Ask most Angelenos what comes to mind when they hear of "San Dimas," and they will list two things: Raging Waters and Bill and Ted's Excellent Adventure.
The Militant found himself here Monday afternoon in the far-eastern stretches of the San Gabriel Valley (though he has been even farther east before) due to unspecified circumstances. Call it fate, or mere curiosity, but the Militant found a historically fascinating locale.
While most So Cal 'burbs mark their central business district with some faux-Main Street getup, or even worse, a large, auto-oriented retail development (anchored by one or more of the following: A Target, a Best Buy, a Home Depot and a smattering of fast food chains, including a Chick-Fil-A), San Dimas was surprisingly different.
From the moment one exits the 210 at San Dimas Avenue, the environs are different from most of the arid pueblos that lie in the shadows of the San Gabriel Mountains - there's considerably more trees and shade here. Part of that lay in the town's history as a former early 19th-century settlement named Mud Springs, and later named after this saint.
Bonita Avenue, the town's main street, boasts a total Old West flair, right down to the wooden boardwalk that lines the town's shopping promenade, the architecture of the buildings (even the local Thai restaurant doesn't look out of place in Old West San Dimas) and the large-serif fonts on nearly all of the street signs. Shops ranged from a vintage Ford automobile garage (pictured right), to a gourmet food market, to a pet store, a model train shop and a hardware emporium.
For history buffs (like the Militant), pictorial markers are positioned right across the street from various historic buildings, depicting them in an earlier life, and explaining their historic significance. Some buildings were relatively self-explanatory, like the old Santa Fe train depot that now functions as the Pacific Rail Museum. But next to it stood even more morsels of history: a restored water trough for horses, a stretch of the original Santa Fe railroad track first laid here in 1887 and an old water pump that once brought the plentiful groundwater up for human consumption.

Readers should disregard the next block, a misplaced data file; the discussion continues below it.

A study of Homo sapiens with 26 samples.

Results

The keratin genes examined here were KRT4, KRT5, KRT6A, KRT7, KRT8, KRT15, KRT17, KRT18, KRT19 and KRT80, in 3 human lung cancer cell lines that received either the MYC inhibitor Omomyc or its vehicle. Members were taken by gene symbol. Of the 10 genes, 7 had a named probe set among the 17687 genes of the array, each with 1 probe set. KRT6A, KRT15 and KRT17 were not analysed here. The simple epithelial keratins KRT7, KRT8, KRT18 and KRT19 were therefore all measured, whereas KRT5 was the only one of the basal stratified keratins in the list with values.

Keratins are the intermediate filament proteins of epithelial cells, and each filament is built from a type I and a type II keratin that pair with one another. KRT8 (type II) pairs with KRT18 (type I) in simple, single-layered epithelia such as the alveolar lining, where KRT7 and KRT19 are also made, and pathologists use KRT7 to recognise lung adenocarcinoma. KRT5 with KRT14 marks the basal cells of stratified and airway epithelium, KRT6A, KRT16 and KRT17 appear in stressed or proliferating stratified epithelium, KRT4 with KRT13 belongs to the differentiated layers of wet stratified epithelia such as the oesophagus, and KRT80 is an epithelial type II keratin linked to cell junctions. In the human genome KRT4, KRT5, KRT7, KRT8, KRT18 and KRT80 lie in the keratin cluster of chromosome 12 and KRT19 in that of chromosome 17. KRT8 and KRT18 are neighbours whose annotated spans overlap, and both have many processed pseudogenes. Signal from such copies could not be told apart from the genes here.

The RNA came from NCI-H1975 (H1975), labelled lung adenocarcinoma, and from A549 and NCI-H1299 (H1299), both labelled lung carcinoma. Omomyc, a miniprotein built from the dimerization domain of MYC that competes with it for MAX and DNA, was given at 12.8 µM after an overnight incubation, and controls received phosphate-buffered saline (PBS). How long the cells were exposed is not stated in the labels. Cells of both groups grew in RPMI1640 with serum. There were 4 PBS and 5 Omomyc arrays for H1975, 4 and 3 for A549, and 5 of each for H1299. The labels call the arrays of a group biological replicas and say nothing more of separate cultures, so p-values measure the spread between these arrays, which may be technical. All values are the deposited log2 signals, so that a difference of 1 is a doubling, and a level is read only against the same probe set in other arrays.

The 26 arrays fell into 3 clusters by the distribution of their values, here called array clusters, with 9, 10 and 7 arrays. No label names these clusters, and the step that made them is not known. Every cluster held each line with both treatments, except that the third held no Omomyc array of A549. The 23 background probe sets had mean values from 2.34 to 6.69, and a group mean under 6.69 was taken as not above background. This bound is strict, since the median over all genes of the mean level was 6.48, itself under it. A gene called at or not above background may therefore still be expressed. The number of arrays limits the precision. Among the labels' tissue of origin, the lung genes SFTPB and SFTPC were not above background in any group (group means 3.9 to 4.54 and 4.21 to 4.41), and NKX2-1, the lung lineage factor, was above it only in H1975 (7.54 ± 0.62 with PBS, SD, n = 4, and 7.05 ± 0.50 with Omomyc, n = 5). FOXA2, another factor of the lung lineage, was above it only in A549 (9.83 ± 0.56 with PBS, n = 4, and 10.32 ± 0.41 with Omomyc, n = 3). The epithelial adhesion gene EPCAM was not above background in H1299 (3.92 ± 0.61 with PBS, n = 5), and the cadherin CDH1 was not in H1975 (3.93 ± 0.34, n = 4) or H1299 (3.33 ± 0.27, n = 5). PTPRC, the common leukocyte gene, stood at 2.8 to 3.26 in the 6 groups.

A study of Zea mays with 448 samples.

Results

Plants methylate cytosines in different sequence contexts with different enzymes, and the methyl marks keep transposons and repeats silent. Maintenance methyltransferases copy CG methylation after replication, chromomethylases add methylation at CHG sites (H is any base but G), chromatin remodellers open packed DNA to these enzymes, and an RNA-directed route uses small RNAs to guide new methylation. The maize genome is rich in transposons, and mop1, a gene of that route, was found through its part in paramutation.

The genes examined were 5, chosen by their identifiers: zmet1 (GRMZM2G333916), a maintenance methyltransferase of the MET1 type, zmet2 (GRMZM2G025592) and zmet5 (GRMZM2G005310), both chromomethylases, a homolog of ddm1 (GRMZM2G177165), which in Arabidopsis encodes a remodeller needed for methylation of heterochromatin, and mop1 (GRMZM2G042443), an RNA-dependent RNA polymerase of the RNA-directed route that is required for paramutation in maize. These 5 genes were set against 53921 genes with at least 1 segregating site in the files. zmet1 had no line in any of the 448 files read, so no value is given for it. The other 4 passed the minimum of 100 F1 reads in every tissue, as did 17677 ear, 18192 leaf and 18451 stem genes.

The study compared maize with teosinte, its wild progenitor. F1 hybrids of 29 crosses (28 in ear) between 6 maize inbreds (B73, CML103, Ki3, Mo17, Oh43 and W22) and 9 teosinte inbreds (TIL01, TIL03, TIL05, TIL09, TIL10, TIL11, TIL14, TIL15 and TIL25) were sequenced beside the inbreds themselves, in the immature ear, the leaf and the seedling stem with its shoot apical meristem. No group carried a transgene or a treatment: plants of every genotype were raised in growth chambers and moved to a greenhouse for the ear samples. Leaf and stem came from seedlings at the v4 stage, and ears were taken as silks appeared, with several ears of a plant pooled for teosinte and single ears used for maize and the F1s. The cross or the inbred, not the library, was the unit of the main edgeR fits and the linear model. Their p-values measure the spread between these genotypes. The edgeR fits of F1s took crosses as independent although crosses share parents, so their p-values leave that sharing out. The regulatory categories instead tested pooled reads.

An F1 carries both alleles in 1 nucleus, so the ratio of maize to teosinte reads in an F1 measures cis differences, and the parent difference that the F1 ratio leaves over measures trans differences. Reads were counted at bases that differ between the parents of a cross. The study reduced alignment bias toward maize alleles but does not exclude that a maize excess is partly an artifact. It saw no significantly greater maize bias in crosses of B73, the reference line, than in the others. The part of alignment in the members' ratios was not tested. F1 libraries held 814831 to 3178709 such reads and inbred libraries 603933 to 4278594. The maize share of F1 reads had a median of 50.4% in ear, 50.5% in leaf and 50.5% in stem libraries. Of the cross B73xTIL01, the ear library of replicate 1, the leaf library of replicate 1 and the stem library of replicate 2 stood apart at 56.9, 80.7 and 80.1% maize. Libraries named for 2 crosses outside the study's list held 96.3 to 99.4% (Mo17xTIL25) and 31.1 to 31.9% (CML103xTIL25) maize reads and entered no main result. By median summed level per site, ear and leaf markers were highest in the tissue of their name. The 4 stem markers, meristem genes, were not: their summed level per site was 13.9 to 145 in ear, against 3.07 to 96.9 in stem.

Speaking of which, the town bears its own still-natural river, Cinnamon Creek, which runs just south of the city center. The street named Cataract Ave. refers not to an opthamologist's office but to a waterfall made by the creek.
Another surprise were the people of San Dimas: Expecting a total lilywhite town where the Militant would stick out like a sore thumb and may or may not feel welcome, at least from the people walking down the street it looked surprisingly diverse. A South Asian mother and daughter stroll through the shops on Bonita, while later down the street, an African American couple point to a new dessert shop and exclaim that "This used to be a Quiznos!"
Half-jokingly, and half-honoring his '80s nostalgia, lo and behold a few blocks east on Bonita yields - yes - a Circle K mini-mart.
[Say it with the Militant now: "EXCELLENT!"]
No, the Militant didn't notice any strange things afoot here, nor did he run into some dude named Rufus, but the Militant wouldn't be surprised if other non-locals would instinctively look for a Circle-K in San Dimas. Even though, in actuality, the "Bill and Ted" films were shot on location...in Arizona.
[Say it with the Militant now: "BOGUS!"]
Heading back on Bonita, the Militant passed the San Dimas City Hall building and saw some sort of Jebediah Springfield-type statue (pictured left).
Which was all funny until he read the marker:
"JEDEDIAH STRONG SMITH"
[Say it with the Militant now: "NO WAY!"]
Turns out Smith was an Old West explorer/hunter type famous for being the first American to arrive in California over land from the east (Yo transplants, there's your forefather! LOL) and lived to the ripe old age of...32. He led an exploration party from Utah, over the Nevada desert and California mountain ranges and into Mud Springs, 183 years ago last Thursday.
Even the accoutrements of the modern retail world did not feel out of place here. A shopping center blended with the local architecture without looking faux-historically tacky. The requisite local Starbucks seemed to fit in. And the nearby Albertson's supermarket even had a public space next to it -- a pocket park with a fountain, benches and rose bushes (pictured right).
The premature dusk skies typical of mid-Autumn soon fell upon San Dimas, and the Militant naturally had to set off into the sunset (he drove here, BTW, though Foothil Transit's line 492 takes you here from the El Monte Transit Center, and one fine day in the future, the proposed Foothill Extension of the Metro Gold Line may or may not take you here as well).
The beauty of Southern California lies in its surprises that reveal themselves before you if only you pay attention, get out of the car and walk around a little. San Dimas proved to be an, um, excellent example of that.